Ancient Egypt still continues to fascinate many, giving us something to marvel at. A recent archaeological find was especially monumental, as it was a statue of a well-known pharaoh that's been sitting under the homes of modern Egyptians for over 3,000 years.
The massive statue was found amid the rising water, industrial waste, and rubble under a residential area in eastern Cairo. Believed to be a statue of the great Pharaoh Ramses II, the colossal statue is 26 feet tall, made of quartzite, and possibly about 3,000 years old.
Though the statue has been damaged and bears no insignia pointing to the identity of the pharaoh whose statue it was of, its close proximity to an ancient temple devoted to Ramses II points to the idea that the statue is of his likeness. What's more, the city where the statue was found was built above the ancient city of Heliopolis, a city devoted to the worship of ancient Egyptian sun god Re, of whom Ramses was a worshipper of.
Ramses II was one of ancient Egypt's longest ruling and most well-known kings. In his 60-year rule, his military campaigns and exploits helped expand Egypt's territory and advanced the growth and prosperity of what was already a powerful kingdom. His long and powerful ruling gave him the enduring title of "Ramses the Great." His reputation as a great king lasted beyond his lifetime so much so that nine more pharaohs took the name Ramses in his honor.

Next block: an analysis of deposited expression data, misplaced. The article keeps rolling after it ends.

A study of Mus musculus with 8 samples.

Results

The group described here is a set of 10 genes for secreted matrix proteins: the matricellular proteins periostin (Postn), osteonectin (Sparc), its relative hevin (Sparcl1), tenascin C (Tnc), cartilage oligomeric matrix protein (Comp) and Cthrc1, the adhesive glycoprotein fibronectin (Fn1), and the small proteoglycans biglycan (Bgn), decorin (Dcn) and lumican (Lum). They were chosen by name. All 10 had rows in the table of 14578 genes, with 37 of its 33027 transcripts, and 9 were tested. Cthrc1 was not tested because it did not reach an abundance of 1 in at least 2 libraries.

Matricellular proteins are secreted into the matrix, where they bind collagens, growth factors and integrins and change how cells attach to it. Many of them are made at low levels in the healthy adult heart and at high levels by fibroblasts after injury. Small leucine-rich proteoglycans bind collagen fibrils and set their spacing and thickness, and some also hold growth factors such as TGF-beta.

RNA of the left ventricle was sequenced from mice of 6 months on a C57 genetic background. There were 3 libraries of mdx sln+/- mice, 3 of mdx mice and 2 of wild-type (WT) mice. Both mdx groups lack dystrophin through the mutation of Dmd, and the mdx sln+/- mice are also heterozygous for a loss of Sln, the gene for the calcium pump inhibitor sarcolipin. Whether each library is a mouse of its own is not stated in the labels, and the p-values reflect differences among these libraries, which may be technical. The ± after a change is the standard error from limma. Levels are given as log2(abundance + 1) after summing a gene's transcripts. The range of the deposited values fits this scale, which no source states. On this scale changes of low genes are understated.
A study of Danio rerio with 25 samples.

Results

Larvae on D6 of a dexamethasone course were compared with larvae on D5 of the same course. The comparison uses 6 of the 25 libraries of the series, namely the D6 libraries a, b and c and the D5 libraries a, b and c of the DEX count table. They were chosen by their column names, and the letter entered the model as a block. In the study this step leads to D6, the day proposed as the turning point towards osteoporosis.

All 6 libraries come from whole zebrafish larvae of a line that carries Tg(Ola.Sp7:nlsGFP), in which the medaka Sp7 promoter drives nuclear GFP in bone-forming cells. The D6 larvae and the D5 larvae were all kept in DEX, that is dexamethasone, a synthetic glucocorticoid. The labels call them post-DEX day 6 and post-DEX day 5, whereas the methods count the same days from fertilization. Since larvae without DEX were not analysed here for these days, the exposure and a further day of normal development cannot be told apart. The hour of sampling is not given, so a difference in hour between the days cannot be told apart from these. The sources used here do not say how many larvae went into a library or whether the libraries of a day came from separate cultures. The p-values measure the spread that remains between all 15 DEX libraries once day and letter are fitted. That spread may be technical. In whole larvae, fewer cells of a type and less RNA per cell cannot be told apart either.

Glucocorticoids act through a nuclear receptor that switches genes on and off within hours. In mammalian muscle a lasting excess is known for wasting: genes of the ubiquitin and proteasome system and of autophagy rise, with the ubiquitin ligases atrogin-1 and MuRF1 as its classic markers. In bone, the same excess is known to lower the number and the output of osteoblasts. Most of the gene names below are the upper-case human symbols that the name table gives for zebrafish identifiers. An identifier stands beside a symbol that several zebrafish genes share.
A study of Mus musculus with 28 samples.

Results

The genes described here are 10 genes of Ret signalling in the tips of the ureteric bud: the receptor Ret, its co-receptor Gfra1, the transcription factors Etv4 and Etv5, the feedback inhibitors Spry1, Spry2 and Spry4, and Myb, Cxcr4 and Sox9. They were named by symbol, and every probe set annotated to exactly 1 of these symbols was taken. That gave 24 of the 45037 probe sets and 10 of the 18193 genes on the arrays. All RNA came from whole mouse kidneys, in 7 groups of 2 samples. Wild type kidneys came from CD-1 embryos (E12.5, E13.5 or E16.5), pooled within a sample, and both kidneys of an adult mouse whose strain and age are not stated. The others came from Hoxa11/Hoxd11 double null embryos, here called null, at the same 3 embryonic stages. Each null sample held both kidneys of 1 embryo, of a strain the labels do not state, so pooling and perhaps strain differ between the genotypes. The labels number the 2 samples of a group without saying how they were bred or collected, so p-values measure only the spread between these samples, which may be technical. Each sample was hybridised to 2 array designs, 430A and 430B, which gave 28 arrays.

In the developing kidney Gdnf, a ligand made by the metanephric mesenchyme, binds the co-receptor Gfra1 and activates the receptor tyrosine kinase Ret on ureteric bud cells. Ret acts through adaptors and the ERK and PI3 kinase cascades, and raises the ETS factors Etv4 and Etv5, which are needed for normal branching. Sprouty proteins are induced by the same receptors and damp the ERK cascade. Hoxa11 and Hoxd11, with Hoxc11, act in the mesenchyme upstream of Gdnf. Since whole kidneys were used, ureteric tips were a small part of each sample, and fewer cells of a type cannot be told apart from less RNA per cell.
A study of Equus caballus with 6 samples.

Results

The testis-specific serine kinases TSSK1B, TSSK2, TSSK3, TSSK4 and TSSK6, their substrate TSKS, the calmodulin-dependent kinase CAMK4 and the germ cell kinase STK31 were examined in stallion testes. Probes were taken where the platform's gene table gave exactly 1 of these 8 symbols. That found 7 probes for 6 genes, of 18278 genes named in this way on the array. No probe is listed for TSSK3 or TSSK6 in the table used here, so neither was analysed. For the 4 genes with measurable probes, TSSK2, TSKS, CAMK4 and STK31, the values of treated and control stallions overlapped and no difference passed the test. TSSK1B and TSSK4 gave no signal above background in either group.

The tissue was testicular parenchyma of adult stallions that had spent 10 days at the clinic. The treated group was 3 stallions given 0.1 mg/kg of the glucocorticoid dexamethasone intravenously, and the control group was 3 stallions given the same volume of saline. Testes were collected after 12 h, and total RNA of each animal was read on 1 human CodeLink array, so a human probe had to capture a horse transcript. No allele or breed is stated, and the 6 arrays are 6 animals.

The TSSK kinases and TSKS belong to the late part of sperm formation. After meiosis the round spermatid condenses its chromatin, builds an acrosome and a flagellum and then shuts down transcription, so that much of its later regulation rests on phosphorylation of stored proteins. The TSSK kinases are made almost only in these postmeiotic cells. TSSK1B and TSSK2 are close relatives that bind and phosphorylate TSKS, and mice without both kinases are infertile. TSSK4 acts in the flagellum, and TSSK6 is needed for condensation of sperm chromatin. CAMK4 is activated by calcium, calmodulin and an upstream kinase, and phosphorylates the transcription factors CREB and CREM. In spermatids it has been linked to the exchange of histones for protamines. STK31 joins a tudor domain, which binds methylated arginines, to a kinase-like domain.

By the time of his death at the age of about 90 in 1213 BC, he had already given Egypt a larger amount of territory and riches and built a large number of statues and memorials all over Egypt. His preserved remains were found in a tomb in the Valley of the Kings but has since been moved to Cairo's Egyptian Museum, where it remains to this day.
Some believe that among the many Ramses pharaohs that ruled Egypt, Ramses II was the pharaoh from the Biblical book of Exodus with from whom Moses freed the Israelites.
The excavation project that led to the discovery of the massive statue is a continuous joint project between Egypt's Ministry of Antiquities and the University of Leipzig to salvage and preserve the archaeology in the ancient city of Heliopolis. Found in the same excavation site was the limestone statue of Ramses II's grandson Pharaoh Seti II, hence furthering the belief that the massive statue is of the great ruler.
Preservation projects are continuous in Egypt to both preserve and hopefully learn more about the great civilization, from the young pharaoh King Tut to lost civilizations and the great leader Ramses II.